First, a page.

Great feedback. More proof that these bags are needed.kazeej wrote:OK, so we went camping and, as promised, here’s my report on how the AirLift bags performed. I weighed everything before it went into the truck, so I would know how much weight I would be carrying. The total was 782 lbs. Adding two people put us right at the max load specification. I had 30 psi in the bags, and left the rear tires at the normal 34 psi. On the 250 mile trip up, I could feel that the truck weighed a lot more – braking distance had increased, acceleration was a little slower, etc. I noticed a little bit extra body roll when going around turns, and the rear end was a little soft, but overall, it just felt like a loaded truck.kazeej wrote: I installed mine last night. Riding to work this morning, I did notice it to be a little firmer. Could be all in my head - just knowing it should feel different makes it feel different. We'll see how it does this weekend. We're going tent camping. We carry about 400 lbs of gear with us. The first time we took the Pathy, I noticed it kinda dragged its butt when I loaded all the gear in the back. We'll see how she does this time.
For the trip back home, I raised the air bags to 35 psi, and the rear tires to 40 psi. The difference was remarkable. There was almost no leaning in turns, and the overall feel of the truck was much more stable.
The AirLift bags did a very nice job at leveling the truck and making it very stable, even when loaded at capacity. Probably the best $85.00 I’ve spent.
The next test will be when I tow my 17’ heavy pig of a bass boat. Stay tuned…
Not really. And I always left mine inflated, even in winter.glockshooter wrote:For you guys with the lift bags, do they effect the ride? I use my pathfinder to haul wood pellets for our stove. I make 2 trips per ton, so I'm throwing 1000lbs in the rear at a time. My former ride, a ford explorer, did it no problem. The pathfinder, with 1400lbs of capacity, seems like it really squats. I'm figuring GVW minus the curb weight, so I should be within capacity. Should I add bags before my next load?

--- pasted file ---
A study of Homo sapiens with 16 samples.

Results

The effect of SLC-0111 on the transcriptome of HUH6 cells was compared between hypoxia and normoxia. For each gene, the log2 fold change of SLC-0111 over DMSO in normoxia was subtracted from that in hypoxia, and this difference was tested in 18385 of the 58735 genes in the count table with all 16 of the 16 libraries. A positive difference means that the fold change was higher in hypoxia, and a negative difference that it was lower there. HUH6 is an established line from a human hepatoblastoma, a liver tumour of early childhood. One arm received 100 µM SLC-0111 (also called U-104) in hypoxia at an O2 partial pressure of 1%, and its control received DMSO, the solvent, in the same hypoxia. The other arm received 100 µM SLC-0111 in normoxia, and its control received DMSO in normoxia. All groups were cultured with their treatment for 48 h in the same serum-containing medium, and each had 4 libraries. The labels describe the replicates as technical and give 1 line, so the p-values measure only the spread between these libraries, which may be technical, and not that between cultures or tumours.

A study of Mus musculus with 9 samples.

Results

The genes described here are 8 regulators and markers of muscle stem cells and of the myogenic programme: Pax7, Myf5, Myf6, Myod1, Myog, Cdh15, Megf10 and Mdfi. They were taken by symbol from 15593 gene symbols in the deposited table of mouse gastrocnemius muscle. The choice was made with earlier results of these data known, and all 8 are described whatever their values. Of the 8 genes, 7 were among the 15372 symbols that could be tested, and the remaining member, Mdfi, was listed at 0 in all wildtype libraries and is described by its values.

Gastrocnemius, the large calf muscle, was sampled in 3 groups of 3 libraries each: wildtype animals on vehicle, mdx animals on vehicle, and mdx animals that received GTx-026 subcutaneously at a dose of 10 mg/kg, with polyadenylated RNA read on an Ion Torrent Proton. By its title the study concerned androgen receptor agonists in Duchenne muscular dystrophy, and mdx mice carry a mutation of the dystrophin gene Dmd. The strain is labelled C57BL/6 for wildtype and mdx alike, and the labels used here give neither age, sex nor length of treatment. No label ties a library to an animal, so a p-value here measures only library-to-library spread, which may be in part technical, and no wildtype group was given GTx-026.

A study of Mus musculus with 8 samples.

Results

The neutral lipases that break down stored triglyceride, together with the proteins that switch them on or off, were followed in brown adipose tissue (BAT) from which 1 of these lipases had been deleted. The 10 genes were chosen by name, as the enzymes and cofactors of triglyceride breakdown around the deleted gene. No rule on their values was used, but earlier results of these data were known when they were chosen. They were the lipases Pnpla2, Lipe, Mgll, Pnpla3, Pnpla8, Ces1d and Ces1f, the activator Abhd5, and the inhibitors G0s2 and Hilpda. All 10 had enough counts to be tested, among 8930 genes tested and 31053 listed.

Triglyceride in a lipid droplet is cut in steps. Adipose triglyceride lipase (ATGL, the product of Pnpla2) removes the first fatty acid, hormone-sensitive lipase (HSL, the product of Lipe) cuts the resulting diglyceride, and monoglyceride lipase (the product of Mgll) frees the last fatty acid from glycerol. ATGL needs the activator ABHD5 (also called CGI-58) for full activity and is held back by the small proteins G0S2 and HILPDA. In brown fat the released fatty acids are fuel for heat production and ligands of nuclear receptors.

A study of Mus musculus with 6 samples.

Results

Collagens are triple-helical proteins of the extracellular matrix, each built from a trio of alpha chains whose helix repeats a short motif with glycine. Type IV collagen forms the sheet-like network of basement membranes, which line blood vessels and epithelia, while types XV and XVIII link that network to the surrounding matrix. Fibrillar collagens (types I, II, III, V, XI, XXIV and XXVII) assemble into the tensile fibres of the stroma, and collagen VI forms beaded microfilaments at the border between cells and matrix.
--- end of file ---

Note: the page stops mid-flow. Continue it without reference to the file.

Couple questions:pbradley wrote:I have a 2009 V6 4WD S model. I also have an '07 Forest River Surveyor 264 with 4200# dry weight. We live in Colorado Springs and only increase in elevation when nwe go camping. This truck is a great tow vehicle, so far ahving onloy been 3 times (we just bought the trailer last year). Like many of you, I bought the PF because I like a functional daily driver and it has great towing specs as well as reviews. So far I always average 11.5 mpg on trips. These trips are into the mountains and the mpg is average for the trip both ways. We plan on camping every couple weeks with most trips being < 2 hours driving one way. I never break 60 mph and have an Equalizer hitch with WD and AS. So all of this to say, has anyone had any issues with towing heavier weights at higher altitudes? I plan to get the KN CAI to inclrease air flow but other than less air, I can't understand any reason altitude affects tow ratings. I am running Mobile Ultra 1 synthetic for motor oil and the rest of the fluids are still stock. I also thought about trying one of these throttle body spacers. I hear between the CAI and the TBS, I may be able to get 2 - 4 mpg additional as well as 15-30 HP and additional torque. So with all of that, any advice?
I have a Baja 212, and we pull it all over the place with our Pathfinder. The boats dry weight is 3,550 and I am guessing on the trailer, loaded it is very close to 5,000. Our truck is a bone stock 2010 V6 4x4.07SECrownie wrote:We plan on towing our '97 Crownline 202 bowrider with our 07 Pathfinder. It wieghs 3100 dry and I was thinking it would be 4500# with the boat loaded down and ready to go for the weekend. Also, we will have camping equipment in the PF with possibly 4 people total. Seems to meet all of our needs.
Hopefully I can install the transcooler bypass here soon abd get the Airlift 1000's in.